Last update: 11-Dec-2013 2:12 am
Wednesday, December 11, 2013
Trinidad & Tobago Guardian Online
Ernie Ross, whose agency Ross Advertising produced the satirical “Dear Jack,” ads which appeared in newspapers and on television this week issued a stout defence of the ad yesterday, saying there was no legal standpoint for the ad to be banned.
The advert, a spoof letter from Keith Rowley (signed “The Raging Bull”) to Jack Warner thanking the interim Independent Liberal Party leader for splitting the UNC vote and securing the People’s National Movement's local election victory, was pulled from the T&T Guardian and the Express where it had previously ran as a full page spread, after the Advertising Agencies Association of Trinidad and Tobago (AAATT) declared the ad in breach of its rules.
AAATT president, Ronald Murray issued warnings to all media houses reminding them that political ads should not be carried unless the name of the advertiser was clearly printed on the ad itself. The ad ran in all three daily newspapers on Tuesday with no attribution. On Wednesday, Newsday was the only paper carrying the ad which had been modified and was now signed “A message from the concerned citizens of T&T.”
Murray also wrote to all members of the AAATT (including Ross Advertising) and Trinidad and Tobago Publishers and Broadcasters Association asking them to greater vigilance in the run up to next week’s St Joseph by-election. Ross, in a telephone interview, told the T&T Guardian, “Freedom of expression supercedes anything else. This is a piece of political satire and makes a valid point. My job is to get that point across on behalf of my client.”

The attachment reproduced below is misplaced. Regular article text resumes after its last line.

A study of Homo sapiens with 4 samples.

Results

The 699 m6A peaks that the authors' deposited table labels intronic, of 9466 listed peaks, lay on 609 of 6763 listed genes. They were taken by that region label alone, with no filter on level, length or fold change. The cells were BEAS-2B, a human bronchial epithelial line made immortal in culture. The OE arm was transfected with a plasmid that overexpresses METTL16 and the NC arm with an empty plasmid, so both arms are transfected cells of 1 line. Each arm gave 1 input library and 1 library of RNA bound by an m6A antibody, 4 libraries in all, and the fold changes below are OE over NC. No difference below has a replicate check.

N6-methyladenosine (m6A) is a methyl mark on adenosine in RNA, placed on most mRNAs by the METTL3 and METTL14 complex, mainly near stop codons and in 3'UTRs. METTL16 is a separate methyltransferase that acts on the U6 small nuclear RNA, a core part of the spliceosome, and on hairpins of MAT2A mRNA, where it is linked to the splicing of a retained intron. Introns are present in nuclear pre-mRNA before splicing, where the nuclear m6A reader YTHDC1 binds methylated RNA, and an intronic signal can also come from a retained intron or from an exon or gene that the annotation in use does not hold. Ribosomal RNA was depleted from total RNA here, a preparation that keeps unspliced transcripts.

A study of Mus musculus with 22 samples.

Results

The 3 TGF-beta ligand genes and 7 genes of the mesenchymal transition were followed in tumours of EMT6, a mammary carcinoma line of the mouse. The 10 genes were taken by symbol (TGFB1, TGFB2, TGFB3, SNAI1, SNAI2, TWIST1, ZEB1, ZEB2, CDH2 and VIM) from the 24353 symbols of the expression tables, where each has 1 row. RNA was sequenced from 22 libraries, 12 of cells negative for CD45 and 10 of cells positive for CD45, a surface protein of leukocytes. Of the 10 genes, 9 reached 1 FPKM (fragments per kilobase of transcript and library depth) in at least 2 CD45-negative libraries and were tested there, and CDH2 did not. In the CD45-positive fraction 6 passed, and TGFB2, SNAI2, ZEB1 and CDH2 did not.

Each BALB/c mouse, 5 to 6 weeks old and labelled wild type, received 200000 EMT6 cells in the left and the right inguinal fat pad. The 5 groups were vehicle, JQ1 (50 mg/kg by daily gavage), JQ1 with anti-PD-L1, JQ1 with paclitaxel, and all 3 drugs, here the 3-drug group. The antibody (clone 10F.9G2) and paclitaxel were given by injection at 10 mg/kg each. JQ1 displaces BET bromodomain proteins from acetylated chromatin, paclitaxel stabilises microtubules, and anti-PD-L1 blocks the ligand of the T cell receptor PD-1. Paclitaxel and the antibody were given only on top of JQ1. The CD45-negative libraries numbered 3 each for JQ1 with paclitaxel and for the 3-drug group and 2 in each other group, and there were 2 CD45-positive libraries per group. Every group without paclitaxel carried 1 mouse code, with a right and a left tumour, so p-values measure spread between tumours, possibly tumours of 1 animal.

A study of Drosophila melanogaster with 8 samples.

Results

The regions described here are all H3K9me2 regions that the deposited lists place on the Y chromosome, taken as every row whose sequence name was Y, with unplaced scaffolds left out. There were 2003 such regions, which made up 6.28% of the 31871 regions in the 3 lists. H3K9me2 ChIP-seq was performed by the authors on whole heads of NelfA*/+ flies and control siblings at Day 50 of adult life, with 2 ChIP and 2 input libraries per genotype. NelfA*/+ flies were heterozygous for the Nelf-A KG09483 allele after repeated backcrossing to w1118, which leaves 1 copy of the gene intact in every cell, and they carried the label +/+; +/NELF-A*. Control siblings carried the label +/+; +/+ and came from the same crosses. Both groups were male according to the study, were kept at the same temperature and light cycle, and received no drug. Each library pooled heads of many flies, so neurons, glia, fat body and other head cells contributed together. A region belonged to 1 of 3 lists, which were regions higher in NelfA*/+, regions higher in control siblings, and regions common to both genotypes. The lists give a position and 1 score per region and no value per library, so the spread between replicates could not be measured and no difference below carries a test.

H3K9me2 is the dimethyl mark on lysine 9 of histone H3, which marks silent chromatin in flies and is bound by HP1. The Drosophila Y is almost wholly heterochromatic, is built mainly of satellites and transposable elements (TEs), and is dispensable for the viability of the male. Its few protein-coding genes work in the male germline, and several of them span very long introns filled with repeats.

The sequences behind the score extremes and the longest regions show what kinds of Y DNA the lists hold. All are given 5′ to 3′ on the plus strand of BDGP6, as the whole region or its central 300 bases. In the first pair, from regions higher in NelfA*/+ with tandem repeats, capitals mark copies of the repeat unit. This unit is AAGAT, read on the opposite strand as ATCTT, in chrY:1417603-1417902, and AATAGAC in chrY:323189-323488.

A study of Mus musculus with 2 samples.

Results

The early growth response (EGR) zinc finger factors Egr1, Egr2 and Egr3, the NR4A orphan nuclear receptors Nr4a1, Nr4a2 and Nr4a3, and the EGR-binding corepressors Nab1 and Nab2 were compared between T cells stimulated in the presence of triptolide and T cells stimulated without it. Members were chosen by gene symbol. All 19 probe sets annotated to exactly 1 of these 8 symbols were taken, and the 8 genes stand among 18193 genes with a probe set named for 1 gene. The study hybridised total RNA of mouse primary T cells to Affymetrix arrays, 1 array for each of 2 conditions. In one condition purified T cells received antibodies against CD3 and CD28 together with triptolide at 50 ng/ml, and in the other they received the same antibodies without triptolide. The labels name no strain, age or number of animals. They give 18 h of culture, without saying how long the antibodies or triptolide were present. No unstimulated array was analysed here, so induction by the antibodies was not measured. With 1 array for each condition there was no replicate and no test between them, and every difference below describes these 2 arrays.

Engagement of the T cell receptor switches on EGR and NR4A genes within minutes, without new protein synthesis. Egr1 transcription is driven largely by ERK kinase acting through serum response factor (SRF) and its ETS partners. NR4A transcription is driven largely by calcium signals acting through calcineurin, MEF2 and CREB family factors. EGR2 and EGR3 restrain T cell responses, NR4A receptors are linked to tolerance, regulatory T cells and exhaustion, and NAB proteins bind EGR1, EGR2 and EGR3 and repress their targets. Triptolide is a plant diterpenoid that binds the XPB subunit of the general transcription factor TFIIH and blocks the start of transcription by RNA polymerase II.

Asked who the client was that commissioned the ad campaign, Ross declined to answer except to say that it was “the concerned citizens of Trinidad and Tobago.” Told that it was still essentially an anonymous political advert, Ross replied that many ads of the same ilk had appeared in the newspapers, citing an example during the Tobago House of Assembly election in which a series of ads appeared under the banner “in defence of democracy”, criticising prime minister Kamla Persad-Bissessar.
“Why is this ad being pulled now when the same types of ad appear all the time?” Ross asked.